Estonia is one of Europe’s major software development hubs. The republic of 1.3 million — which regained its independence in 1991 after decades of rule from Moscow — is also one of Ukraine’s strongest supporters in the face of the Russian invasion. Estonia has provided, on a per capita basis, more military and humanitarian assistance to Ukraine than any other country.
Estonian Prime Minister Kaja Kallas, dubbed Europe’s “Iron Lady” for her refusal to compromise with the Kremlin over Ukraine, is also a global leader in the effort to deepen Western sanctions against Moscow.
Killnet, a pro-Russian hacking group, claimed responsibility for the attacks via its Telegram channel. It said it had tried to cut off access to hundreds of websites in sectors such as finance, health care, education, government services and utilities. In June, Killnet also sought to overwhelm Lithuanian public services websites after that country began enforcing E.U. sanctions on a Russian exclave. Lithuanian officials said that a cyberattack had undermined access to more than 130 websites that month.
Robert Potter, co-founder and chief executive of Internet 2.0, an Australian cybersecurity firm, said this week’s attack against Estonia was a high-intensity and short-term campaign, and that such efforts are “generally lower in sophistication.”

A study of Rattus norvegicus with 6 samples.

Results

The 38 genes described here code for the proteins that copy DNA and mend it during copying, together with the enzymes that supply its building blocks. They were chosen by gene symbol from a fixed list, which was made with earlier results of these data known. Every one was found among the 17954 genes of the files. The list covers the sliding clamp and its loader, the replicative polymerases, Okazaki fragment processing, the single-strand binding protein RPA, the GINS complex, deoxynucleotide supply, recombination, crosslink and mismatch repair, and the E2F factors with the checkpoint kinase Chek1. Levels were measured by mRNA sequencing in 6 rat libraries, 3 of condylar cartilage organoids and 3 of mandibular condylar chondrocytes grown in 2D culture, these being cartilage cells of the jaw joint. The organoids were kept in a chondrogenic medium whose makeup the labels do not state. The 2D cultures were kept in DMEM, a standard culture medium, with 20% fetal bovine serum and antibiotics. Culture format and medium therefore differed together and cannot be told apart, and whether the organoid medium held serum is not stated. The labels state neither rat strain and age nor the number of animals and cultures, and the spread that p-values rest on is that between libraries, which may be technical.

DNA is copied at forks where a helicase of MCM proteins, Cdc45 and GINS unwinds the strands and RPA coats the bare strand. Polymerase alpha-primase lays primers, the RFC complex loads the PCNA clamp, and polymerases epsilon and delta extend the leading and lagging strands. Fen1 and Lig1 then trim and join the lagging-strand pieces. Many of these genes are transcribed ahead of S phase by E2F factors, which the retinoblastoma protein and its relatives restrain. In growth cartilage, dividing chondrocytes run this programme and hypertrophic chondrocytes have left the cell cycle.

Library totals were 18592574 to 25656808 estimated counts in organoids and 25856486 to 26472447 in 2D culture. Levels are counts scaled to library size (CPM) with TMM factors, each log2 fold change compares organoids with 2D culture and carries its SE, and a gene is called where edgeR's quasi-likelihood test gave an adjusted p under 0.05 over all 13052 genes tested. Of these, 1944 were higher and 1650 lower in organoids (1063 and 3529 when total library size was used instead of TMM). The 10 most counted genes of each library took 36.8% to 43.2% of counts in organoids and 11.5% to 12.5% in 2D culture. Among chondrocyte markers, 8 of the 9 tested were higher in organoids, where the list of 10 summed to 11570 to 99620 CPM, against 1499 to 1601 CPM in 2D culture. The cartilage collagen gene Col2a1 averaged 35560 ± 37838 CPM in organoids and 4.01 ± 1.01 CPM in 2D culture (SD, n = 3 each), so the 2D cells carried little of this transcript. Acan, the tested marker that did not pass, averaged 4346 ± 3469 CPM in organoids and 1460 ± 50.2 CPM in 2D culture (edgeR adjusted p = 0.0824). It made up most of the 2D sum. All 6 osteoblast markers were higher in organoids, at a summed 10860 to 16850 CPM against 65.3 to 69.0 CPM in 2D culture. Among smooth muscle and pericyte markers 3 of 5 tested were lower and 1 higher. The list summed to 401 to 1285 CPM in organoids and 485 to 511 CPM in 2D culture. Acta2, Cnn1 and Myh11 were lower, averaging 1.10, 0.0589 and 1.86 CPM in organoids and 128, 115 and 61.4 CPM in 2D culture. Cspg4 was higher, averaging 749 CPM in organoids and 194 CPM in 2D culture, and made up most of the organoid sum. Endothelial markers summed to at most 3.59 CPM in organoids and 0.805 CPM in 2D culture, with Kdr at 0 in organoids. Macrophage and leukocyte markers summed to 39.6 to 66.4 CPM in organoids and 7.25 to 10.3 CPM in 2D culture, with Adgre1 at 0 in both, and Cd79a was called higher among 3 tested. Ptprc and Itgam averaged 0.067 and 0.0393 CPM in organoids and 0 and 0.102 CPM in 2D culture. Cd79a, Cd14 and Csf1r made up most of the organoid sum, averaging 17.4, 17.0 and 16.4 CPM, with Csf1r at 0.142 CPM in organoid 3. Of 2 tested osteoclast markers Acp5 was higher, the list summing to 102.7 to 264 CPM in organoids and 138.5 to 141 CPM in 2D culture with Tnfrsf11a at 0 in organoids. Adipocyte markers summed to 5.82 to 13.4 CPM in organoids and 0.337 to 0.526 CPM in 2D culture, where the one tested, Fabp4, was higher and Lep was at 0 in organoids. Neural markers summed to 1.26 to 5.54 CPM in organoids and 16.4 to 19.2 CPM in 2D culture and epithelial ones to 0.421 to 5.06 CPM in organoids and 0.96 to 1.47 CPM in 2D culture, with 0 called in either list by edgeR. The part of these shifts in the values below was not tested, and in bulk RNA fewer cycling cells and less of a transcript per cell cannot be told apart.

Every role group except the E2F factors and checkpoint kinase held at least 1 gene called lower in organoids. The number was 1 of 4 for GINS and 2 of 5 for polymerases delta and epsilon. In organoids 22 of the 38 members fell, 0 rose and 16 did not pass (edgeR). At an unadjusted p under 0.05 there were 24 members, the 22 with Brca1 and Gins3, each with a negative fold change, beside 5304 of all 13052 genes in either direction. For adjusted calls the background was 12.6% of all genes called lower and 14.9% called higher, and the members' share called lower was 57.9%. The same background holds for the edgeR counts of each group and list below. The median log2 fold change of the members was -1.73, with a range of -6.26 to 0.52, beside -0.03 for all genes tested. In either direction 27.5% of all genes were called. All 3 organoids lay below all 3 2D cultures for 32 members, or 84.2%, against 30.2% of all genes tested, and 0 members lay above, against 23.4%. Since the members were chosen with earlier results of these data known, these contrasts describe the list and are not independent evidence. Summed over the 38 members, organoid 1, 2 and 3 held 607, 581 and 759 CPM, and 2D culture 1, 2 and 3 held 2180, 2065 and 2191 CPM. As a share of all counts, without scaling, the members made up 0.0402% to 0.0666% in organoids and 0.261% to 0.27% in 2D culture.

“Adversaries trade precision for scale. As a result, it’s best to interpret these attacks as messaging rather than campaigns designed to destroy,” he said.
In 2007, Estonia suffered a massive cyberattack by hackers suspected of having links with the Kremlin. Hackers crippled email servers and forced a major bank to halt its online services for more than an hour. Many Estonian websites were forced to temporarily cut themselves off from the rest of the world, in what was the first known example of a major nation-on-nation cyberattack. Those attacks also came after Estonia relocated a Soviet-era World War II monument. Moscow denied involvement.
“Although subject to the most extensive cyber attacks, [Estonia] is stronger than we were in 2007,” Kallas tweeted on Twitter Thursday.
This week, Estonia removed a World War II-era Soviet T-34 tank from a monument near the Russian border. Officials said that modern Russian tanks were now being used to kill innocent people in Ukraine.
Russia’s invasion of Ukraine has “torn open the wounds in our society that these communist monuments remind us of,” Kallas recently said.